Britain wins its first Olympic dressage medal – and it's gold
Tuesday, 07 August 2012
August 7 - Great Britain's dressage riders ended 116 years of Olympic hurt at Greenwich Park today, winning the London 2012 team dressage title along with the country's first-ever Olympic dressage medal.
Taking a narrow lead into the final day of competition, the British trio – Charlotte Dujardin (pictured above, right) riding Valegro, Laura Bechtolsheimer (pictured above, centre) on Mistral Hojris and Carl Hester (pictured above, left) on Uthopia – held on comfortably enough to finish with a total score of a shade under 80 per cent.
Germany, perennial Olympic champions, had to settle for the silver this time with a new young team, while the Netherlands took bronze.
The result continued a highly successful equestrian campaign for the home team, which has also yielded silver in the team three-day eventing and gold in team jumping.
It contributed to another stunning day of success for Britain at London 2012, with the overall tally of gold medals now exceeding that achieved at any Olympics for more than a century.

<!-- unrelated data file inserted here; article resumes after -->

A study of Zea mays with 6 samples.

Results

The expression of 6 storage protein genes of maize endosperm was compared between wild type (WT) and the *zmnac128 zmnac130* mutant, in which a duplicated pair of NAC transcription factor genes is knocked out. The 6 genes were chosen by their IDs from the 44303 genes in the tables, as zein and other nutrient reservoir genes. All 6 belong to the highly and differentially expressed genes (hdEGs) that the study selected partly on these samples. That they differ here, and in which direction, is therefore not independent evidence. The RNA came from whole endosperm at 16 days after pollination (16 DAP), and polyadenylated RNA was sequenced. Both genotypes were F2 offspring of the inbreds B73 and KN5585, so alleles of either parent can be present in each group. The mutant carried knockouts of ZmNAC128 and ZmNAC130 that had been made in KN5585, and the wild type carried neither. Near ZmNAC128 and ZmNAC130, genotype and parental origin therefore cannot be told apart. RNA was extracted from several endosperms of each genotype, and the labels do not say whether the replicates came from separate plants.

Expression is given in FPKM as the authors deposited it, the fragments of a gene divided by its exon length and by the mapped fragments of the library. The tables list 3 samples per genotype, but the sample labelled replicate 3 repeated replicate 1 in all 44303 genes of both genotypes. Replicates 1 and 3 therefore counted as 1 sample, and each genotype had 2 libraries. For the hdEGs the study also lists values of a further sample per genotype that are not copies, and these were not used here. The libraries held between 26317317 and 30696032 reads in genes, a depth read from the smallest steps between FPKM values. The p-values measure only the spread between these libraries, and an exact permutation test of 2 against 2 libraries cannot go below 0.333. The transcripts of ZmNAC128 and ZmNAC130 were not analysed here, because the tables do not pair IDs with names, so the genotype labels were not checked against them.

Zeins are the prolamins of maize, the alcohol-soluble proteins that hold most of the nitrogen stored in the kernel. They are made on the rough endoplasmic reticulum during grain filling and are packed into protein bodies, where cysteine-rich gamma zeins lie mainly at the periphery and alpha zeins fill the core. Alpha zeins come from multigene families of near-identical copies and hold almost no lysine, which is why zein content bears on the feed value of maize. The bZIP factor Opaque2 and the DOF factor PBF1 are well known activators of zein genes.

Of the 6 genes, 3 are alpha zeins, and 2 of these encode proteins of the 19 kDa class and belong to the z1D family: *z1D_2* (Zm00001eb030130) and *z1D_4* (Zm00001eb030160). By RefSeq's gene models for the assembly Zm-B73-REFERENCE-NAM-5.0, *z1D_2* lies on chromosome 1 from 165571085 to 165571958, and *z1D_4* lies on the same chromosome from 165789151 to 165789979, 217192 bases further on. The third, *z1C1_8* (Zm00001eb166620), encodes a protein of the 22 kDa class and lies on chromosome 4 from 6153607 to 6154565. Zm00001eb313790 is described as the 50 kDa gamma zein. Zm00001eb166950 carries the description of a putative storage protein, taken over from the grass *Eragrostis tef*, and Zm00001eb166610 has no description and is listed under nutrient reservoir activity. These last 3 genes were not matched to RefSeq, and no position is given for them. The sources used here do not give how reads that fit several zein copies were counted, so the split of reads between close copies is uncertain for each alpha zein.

The extrovert Dujardin, whose rise to the top of the sport has been astonishingly rapid, sealed victory with a characteristically smooth and precise final performance.
She admitted afterwards to being "a bit more nervous today...I didn't want to let anyone down".
Nonetheless, it was she who was the stand-out performer, registering an overall score of 83.286 per cent.
Hester also exceeded the 80 per cent mark in front of a large and enthusiastic crowd, as did Adelinde Cornelissen of the Netherlands, the reigning International Equestrian Federation (FEI) World Cup dressage final champion, much to the delight of the many Dutch supporters.
This is a tight-knit British team whose special chemistry is immediately apparent.
"Charlotte and I compete quite heavily over who does the dumbest blonde things, and Carl patronises," explained Bechtolsheimer.
"I hope this is the beginning of the sport evolving in this country."
Given that dressage is sometimes tagged with an elitist reputation, the background of the British gold medallists is interesting, and hopefully significant.
Bechtolsheimer and Dujardin both came up through pony sports – a reasonably accessible route for youngsters into equestrian competition.
"We never had a ménage at home; we used to school in the fields," said Dujardin, remembering how she used to compete against – and beat – her older sister.
Hester came from the tiny Channel island of Sark.
"I left home at 16 and worked as a groom," he said.
"My parents can't stand horses, actually...
"Hard work and dedication have paid off for all of us by very different routes."
All three British riders will be back in action in the individual dressage competition on Thursday (August 9).